Haunts of old are Vacation Gold

Lonely moans the wind of time, across an era of booming towns to empty haunts of frontier ruins, standing testament to the strength and pride of a pioneer nation and a treasured state. They are Montana’s many ghost towns. People hardly ever see ghosts in these forgotten villages, but you know they’re there because of the way the wind carries now-still voices through empty buildings, and the way the walk-boards creak when no one is standing over them.

These towns got their start as busy mining camps in the 1800s, a time when they bustled with people and activity. The prospectors and miners came first, soon followed by shop-keepers, who wanted to sell them wares, and bankers, who wanted to hold their money. Families, churches, and schools transformed the rough and dirty mining camps into flourishing communities. However, once the gold or silver was gone, the miners moved on. With a town’s synergy dispersed, the others departed for bigger places, leaving only memories to roam empty spaces.

Today the ghosts of days gone by and a few weathered buildings remain, but stepping into a ghost town is like traveling back in time. Montana’s famous ghost towns, such as Bannock, Virginia City and Garnet, are must-sees, but there are magical frontier lands to enchant vacationers within minutes of Lewistown. Among those rich with history and hand-me-down tales are Maiden, Gilt Edge, Kendall, Barker and Yogo Gulch. Plan a day to tour them all around a picnic lunch.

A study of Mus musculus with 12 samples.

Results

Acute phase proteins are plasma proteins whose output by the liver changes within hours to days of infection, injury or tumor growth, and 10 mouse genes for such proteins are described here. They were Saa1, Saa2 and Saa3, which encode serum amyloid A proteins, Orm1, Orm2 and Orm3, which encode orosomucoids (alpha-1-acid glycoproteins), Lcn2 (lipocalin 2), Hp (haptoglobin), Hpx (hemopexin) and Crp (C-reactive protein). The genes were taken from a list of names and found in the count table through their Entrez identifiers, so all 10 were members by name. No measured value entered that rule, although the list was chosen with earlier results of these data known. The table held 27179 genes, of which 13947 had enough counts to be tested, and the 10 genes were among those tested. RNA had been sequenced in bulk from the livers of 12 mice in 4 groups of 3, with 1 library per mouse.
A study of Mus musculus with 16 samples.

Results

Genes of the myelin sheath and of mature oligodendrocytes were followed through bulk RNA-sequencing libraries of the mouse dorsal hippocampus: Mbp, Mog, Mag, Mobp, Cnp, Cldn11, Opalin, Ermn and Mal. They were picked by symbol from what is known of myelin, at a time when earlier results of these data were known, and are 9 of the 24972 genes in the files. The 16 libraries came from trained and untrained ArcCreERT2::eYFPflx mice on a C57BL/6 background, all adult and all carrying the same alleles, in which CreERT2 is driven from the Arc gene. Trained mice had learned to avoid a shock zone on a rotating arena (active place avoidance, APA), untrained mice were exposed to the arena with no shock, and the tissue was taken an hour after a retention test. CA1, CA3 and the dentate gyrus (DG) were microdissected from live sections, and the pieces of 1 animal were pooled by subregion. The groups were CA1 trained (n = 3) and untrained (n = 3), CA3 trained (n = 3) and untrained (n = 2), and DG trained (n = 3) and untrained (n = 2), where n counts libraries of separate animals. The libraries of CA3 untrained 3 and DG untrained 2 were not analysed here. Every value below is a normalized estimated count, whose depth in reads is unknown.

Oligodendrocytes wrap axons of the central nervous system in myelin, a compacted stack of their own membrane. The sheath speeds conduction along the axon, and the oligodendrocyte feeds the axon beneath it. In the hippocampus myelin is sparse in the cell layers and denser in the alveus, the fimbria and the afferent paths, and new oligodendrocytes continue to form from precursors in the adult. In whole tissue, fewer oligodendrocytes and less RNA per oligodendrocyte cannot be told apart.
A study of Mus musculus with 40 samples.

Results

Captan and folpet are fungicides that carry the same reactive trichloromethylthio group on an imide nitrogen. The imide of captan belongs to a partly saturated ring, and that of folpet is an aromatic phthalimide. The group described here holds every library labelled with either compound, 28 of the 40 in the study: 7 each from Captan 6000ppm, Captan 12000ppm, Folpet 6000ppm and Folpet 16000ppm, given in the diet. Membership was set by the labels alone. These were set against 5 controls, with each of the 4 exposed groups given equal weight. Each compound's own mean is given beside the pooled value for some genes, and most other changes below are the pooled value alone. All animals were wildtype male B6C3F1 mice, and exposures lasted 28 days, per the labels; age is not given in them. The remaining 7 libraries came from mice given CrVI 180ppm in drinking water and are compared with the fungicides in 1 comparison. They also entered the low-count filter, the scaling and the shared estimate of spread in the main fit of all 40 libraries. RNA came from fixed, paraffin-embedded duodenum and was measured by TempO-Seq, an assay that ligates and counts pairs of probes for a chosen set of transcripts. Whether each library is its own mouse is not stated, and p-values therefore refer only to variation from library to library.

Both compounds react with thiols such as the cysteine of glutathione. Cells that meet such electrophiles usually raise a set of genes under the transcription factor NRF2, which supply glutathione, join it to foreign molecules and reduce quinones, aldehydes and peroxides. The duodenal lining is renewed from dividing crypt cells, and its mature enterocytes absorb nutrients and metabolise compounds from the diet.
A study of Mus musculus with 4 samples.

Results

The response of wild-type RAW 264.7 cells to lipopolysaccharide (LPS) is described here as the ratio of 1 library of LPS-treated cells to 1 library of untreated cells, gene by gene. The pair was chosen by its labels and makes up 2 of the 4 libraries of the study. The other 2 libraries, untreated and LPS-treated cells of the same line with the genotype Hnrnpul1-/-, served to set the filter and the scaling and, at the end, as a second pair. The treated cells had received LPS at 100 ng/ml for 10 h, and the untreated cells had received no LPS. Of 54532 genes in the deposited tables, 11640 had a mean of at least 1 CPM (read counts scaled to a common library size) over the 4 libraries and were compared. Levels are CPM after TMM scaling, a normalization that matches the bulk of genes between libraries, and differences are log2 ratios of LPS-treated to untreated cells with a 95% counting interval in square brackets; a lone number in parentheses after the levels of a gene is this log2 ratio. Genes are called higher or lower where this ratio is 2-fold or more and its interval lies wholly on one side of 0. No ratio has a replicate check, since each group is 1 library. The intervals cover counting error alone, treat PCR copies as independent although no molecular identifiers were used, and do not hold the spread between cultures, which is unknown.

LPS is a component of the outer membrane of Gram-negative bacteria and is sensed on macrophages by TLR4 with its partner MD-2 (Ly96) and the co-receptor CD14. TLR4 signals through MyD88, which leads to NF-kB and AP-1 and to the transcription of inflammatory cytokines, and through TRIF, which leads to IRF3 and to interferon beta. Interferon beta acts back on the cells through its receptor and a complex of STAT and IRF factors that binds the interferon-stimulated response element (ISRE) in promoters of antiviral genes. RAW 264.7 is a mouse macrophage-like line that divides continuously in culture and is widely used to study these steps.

Kendall, located at the foot of the North Moccasin Mountains, is north of Lewistown off Highway 191, not far from Gilt Edge and Maiden. There are many ruins and visitors will want to look for the church and store foundations. Maiden is in the Judith Mountains where the first discoveries of gold were made. Gilt Edge is just across the range from Maiden. Drive 14 miles to the Gilt Edge Road, turn northwest and follow the road to the town site. Yogo Gulch is located southeast of Great Falls, near Windham, and south of Utica on Highway 87. It got its start in 1879 when a rumor spread telling of the discovery of gold in Yogo Creek. Barker is located in the Little Belt Mountains, 20 miles east of Monarch. There are still a few year-round residents, together with several vacation cottages. The remains include St. Joseph’s Co.’s mining buildings, which are on private property but can be visited.